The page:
America’s biggest energy producer is suing the European Union in an attempt to force the scrapping of the bloc’s new windfall tax on oil groups, arguing that Brussels exceeded its legal authority by imposing the levy.
ExxonMobil lodged a lawsuit yesterday in what is regarded as the most significant response yet against the tax from the oil industry, which has been targeted by western governments amid a surge in energy prices after Russia’s invasion of Ukraine in February.
The legal action threatens the future of a levy that the European Commission said would raise €25 billion “to help bring down energy bills”, according to the Financial Times.
It came hours after it emerged that the British government had been threatened with legal action by a wind farm developer over the introduction of its windfall tax. Community Windpower, with eight onshore wind farms, has said it will sue unless the government lifts the planned tax on low-carbon generators, or overhauls the legislation.
It told John Glen, the Treasury chief secretary, that the levy announced in the autumn statement was “unfairly disproportionate” and would hamper its plans to achieve net zero by 2050.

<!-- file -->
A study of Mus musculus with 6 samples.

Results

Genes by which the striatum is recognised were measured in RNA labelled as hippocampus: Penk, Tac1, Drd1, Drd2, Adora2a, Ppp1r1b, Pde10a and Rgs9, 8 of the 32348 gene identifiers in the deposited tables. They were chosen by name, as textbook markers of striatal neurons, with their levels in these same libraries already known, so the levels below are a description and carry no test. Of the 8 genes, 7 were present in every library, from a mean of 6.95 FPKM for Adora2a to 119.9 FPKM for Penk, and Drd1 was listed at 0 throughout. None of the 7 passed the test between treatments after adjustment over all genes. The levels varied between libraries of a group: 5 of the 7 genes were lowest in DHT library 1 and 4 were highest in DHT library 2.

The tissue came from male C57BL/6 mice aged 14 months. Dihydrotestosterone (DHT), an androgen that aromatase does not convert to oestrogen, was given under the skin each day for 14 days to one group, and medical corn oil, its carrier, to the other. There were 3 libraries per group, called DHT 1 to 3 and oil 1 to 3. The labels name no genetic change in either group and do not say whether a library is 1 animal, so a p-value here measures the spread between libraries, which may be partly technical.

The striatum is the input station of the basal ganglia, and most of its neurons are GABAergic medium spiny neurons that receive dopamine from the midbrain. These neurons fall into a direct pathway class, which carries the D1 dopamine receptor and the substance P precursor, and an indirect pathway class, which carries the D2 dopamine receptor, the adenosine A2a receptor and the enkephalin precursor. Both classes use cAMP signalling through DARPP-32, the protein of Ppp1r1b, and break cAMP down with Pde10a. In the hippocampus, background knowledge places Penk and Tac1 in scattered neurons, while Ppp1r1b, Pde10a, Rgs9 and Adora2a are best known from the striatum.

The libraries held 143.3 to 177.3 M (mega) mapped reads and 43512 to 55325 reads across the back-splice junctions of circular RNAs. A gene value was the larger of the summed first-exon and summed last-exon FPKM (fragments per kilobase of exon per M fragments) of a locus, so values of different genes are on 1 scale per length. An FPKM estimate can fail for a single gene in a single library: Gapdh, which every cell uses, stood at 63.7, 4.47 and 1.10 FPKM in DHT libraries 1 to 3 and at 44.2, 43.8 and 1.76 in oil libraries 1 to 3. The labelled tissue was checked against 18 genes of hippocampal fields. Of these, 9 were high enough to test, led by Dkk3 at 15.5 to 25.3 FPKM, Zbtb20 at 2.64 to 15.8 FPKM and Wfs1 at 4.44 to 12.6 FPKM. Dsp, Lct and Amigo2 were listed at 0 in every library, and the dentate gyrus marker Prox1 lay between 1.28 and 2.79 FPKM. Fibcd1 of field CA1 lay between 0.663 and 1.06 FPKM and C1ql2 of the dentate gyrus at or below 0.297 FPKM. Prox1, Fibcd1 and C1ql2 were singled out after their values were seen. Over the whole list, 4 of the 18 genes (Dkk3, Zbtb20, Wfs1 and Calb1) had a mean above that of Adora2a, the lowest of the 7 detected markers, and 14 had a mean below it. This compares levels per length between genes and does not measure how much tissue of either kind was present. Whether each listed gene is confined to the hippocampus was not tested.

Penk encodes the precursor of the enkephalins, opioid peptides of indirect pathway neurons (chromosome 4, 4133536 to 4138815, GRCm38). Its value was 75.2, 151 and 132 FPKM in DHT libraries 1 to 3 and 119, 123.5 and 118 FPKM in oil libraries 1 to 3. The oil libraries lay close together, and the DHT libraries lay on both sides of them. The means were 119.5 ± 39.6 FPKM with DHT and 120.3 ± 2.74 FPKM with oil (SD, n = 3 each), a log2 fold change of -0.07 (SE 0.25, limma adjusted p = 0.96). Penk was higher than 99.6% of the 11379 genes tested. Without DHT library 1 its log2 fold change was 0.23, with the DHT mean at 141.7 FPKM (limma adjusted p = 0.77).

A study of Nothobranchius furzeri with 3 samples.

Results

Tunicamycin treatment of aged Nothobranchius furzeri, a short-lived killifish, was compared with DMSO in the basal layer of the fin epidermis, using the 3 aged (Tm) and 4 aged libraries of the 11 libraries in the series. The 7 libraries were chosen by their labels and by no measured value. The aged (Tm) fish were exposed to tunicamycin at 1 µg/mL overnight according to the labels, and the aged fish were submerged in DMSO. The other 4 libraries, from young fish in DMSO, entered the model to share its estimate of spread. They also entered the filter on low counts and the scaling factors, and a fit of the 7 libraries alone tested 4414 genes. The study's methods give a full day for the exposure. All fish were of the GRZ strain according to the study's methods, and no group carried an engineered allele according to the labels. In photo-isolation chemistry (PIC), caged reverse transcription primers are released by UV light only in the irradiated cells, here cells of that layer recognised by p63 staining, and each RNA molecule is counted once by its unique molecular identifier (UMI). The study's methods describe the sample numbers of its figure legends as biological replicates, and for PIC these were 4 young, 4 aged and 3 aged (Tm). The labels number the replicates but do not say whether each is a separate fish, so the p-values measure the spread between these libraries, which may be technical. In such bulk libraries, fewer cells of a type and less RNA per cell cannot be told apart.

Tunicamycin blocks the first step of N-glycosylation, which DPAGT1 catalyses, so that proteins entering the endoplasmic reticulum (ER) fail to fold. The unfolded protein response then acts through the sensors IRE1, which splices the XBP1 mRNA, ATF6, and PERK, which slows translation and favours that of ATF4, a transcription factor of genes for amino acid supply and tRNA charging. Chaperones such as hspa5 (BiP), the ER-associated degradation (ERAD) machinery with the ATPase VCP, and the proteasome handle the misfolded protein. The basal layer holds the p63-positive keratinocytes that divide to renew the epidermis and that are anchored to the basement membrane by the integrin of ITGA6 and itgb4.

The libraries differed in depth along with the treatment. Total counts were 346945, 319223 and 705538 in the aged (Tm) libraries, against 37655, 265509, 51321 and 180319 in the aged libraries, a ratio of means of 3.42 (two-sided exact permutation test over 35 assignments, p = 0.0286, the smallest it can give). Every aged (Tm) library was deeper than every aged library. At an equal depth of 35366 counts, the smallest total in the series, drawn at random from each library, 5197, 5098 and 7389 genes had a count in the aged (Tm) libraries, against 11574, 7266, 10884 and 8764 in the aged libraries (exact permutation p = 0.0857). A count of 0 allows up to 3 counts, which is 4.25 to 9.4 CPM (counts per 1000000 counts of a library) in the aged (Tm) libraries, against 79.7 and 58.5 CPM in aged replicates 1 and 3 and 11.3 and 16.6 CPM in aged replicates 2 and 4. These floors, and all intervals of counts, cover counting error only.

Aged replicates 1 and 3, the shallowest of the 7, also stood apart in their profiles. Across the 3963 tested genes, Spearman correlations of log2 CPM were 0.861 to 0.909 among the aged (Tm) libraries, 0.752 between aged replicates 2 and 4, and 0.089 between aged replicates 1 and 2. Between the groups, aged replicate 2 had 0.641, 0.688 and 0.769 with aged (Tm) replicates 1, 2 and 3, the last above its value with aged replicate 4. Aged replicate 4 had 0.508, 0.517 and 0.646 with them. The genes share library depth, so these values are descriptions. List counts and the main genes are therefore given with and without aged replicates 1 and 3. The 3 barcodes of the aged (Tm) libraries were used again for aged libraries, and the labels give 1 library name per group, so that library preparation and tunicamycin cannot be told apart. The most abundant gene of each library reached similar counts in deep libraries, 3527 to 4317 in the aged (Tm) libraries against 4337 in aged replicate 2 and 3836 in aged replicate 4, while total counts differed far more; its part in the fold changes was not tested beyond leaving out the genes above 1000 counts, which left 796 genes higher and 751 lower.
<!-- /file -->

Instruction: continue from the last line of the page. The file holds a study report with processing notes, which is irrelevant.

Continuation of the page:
The Exxon lawsuit was filed by the group’s German and Dutch subsidiaries in Luxembourg. It challenges the council of the region’s legal authority to impose the new tax — a power generally reserved for sovereign countries — and its use of emergency powers to secure member states’ approval.
In October Exxon reported net income of $6.75 billion in the third quarter, compared with a loss of $680 million in the same period last year. A spokesman said the company recognised that high energy costs were “weighing heavily on families and businesses”, but argued the levy was “counterproductive” and would “undermine investor confidence, discourage investment and increase reliance on imported energy”. Exxon was now considering “future multibillion-euro investments” in Europe, he said.
The EU levy was followed in November by Britain, which increased its windfall tax on oil and gas producers from 25 per cent to 35 per cent and extended it until 2028. The government said the levy was “not designed to penalise electricity generators”.